One Special Tree – Four Outstanding Seasons

We all want instant gratification in our gardens; plant today – fabulousness tomorrow. At some point most of us have learned the hard way that plants just don't work to our schedule and we have to wait for the plants to fill in and mature before they really fulfill our vision. Yet occasionally I come across something that exceeds my expectations and such has been the case with the deciduous tree Ruby Vase Persian ironwood (Parrotia persica 'Ruby Vase'). Purchased and planted in 2012, I was attracted by the slender silhouette (as compared to the typical Persian Ironwood (Parrotia persica), that spreads up to 30′ wide) as well as the promise of fall color and winter flowers. I did not expect to be grabbing my camera every few weeks during spring and summer to capture the remarkable kaleidoscopic display of foliage colors, however.

Through the Seasons

Early Spring


April 2018: Ruby Vase is directly behind the post and rebar pergola in the middle of this border. The fresh green foliage is a good counterpoint to the emerging copper and ruby tones of nearby trees and shrubs.

Summer

August 2019:  the deep plum foliage of Ruby Vase (behind pergola posts) sets off the black eyed Susan's that grow at its base.  I repeated the warm hues in the container planting design.

I have noticed significant color variation throughout the summer and even from one year to the next. Typically, by late May the foliage is a blend of rich burgundy, deep purple and dark green, but the proportions of each vary greatly. Regardless, it is always striking and much more colorful than the species.  

Fall

Taken today, October 28th 2019, the vivid golden foliage of Ruby Vase lights up the fall garden. It has looked like this for at least a month already!

All I can say is thank goodness for digital photography or this tree would cost me a fortune in film!

Winter

Clusters of tiny ruby flowers decorate the bare branches in winter

I may have purchased this tree for the foliage but the silhouette, bark and winter flowers add to its ornamental value.

Winter 2014: a young tree shows off its silhouette

Design Ideas

August 2016

In my own garden I have it combined with tall burgundy tipped grasses and black-eyed Susan's for a meadow-inspired look. Large mossy boulders and a rusted arbor complete the scene that overlooks an open grassy area and meadow beyond.

August 2016

Seen from the front the framing is slightly different with a snag playing into the vignette together with golden spirea and many other foliage colors and textures. (The golden locust tree to the right has since been replaced by a contemporary container seen in more recent images e.g. "summer").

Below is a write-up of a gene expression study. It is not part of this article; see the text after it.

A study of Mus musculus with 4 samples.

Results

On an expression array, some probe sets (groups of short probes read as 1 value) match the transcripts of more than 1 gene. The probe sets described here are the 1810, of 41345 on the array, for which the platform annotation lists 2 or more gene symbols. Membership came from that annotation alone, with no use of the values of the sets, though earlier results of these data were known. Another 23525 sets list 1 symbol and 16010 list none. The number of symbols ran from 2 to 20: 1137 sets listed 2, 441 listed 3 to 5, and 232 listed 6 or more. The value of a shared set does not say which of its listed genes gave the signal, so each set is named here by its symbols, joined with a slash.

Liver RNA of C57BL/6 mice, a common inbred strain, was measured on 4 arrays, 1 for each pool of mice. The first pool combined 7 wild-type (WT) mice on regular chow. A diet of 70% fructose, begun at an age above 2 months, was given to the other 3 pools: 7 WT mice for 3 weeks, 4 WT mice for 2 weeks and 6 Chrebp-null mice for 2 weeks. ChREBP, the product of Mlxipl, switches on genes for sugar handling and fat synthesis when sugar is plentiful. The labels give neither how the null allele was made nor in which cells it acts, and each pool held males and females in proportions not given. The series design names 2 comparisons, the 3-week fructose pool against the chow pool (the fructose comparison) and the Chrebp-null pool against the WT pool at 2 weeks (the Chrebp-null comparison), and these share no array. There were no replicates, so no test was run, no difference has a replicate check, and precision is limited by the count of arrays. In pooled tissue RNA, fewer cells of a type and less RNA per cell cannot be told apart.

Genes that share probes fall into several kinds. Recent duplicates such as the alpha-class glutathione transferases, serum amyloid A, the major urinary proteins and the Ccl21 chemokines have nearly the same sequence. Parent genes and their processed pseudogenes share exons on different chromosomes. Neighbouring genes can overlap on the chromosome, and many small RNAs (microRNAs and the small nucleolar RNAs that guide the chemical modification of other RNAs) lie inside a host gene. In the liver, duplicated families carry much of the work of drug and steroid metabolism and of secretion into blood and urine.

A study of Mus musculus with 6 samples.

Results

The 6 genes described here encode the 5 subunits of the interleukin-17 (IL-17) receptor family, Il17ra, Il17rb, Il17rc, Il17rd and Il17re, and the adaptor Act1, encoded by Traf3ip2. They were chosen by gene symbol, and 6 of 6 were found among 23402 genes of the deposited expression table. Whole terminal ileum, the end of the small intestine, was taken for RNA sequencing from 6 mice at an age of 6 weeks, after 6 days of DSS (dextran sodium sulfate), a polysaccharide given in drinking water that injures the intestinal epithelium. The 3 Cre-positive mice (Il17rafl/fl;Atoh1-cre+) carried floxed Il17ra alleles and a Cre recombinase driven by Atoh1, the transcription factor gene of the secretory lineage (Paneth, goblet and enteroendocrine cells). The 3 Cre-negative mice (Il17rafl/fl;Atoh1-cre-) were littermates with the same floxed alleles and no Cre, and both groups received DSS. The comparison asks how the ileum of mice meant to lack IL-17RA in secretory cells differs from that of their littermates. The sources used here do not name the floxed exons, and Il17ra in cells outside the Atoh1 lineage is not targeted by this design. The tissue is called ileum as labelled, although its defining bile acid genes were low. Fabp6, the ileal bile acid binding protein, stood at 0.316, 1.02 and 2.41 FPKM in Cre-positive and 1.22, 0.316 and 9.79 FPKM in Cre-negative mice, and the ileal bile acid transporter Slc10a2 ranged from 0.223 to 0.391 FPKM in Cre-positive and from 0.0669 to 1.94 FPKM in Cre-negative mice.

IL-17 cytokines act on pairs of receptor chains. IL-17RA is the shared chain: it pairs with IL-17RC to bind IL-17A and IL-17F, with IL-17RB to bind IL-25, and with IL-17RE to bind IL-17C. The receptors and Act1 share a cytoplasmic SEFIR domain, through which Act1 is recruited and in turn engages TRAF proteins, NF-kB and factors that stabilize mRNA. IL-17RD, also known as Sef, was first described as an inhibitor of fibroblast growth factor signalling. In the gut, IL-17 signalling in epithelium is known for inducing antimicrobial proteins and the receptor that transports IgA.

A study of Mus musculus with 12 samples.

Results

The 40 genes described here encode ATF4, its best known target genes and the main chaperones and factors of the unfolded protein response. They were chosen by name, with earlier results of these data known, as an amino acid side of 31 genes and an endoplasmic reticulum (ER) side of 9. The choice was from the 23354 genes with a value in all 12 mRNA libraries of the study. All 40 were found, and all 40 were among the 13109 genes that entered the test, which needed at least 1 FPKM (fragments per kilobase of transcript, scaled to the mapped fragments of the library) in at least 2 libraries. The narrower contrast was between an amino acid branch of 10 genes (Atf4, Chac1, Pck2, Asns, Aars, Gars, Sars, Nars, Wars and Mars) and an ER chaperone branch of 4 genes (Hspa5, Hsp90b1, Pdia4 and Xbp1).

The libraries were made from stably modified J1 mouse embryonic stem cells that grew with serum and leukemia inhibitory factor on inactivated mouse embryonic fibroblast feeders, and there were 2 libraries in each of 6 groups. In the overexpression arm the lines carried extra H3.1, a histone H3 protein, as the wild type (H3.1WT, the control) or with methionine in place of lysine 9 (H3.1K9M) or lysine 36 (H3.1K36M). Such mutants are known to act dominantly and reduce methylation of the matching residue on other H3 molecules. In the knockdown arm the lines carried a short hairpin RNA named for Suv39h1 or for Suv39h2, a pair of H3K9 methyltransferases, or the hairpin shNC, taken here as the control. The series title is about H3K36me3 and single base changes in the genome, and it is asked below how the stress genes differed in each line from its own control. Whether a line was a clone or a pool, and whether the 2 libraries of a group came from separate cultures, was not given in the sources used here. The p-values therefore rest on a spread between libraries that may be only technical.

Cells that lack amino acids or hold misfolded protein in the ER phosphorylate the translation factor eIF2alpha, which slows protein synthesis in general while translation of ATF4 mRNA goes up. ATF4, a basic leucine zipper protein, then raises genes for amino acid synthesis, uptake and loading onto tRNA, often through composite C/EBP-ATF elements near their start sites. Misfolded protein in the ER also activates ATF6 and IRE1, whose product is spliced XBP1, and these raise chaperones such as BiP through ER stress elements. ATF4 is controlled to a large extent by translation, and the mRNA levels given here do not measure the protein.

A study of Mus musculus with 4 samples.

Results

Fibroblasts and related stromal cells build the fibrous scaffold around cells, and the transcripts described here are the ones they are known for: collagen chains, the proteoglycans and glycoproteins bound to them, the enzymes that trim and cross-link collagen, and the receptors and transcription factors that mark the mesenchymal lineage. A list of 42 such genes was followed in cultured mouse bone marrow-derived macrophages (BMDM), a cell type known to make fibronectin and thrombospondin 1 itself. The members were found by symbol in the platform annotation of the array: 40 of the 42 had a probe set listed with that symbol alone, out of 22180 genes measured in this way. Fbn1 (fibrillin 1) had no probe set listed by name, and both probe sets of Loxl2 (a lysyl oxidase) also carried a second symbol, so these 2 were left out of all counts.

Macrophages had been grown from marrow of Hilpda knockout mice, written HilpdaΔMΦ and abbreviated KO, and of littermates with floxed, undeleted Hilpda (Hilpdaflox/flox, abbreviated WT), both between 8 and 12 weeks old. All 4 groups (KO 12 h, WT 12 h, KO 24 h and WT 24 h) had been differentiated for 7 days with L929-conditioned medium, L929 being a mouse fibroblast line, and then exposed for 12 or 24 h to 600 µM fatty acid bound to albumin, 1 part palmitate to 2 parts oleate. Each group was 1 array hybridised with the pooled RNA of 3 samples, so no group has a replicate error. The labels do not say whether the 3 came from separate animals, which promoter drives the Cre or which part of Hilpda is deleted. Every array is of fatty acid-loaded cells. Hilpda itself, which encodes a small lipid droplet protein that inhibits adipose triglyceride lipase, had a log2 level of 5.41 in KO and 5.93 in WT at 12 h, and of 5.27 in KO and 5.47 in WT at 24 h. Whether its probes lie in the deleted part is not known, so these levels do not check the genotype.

October 2019

As the tree foliage transitions to gold, I especially like its association with the rusted metal of the arbor. For a completely different look you might prefer to add silver; perhaps giant lambs ears (Stachys 'Bella Grigio'), or a wormwood (Artemisia).

Vital Statistics

Mature size: 28'h x 12- 16'w Shape: upright, vase shape Full sun – part shade (best color in full sun) Average, moisture retentive soil Average-low water (I do not have irrigation and rarely give this supplemental water) USDA 4-9

Look familiar?

This post is an updated edition of one I wrote for another blog on August 16th 2016. It has been such a popular post that I still receive emails about it, inquiring if it has continued to thrive and grow as expected.  I therefore decided that it was time for an update both in terms of habit and images. Incidentally, this tree has now also been featured in two of my books!

Foliage Kaleidoscope!


So here we are three years on and yes it is still be favorite tree in our garden! It is currently ~ 14 feet high and 11 feet wide and still maintains an upright vase shape. Note that in today's photos (under "fall") the leaves have already fallen from the uppermost branches, suggesting a more rounded profile than it really has.

Deer Resistance

The deer rarely bother it, nibbling a convenient branch as they stroll past on occasional years. Parrotia is not included on the Rutgers list, but I would rate this as  B. (My Parrotia persica (the species rather than a cultivar) in a more open position gets nibbled rather more but still not severely damaged.)

Drought tolerance

This has not received any supplemental water for the past three years.

Where to buy

I always advocate buying locally as you are more likely to find a well-adapted specimen (to your climate). Ask for it at your local nursery – many will try to order it for you. There seem to be some online sources now too, such as this one and this one, although I have no experience with either of these and cannot specifically recommend them.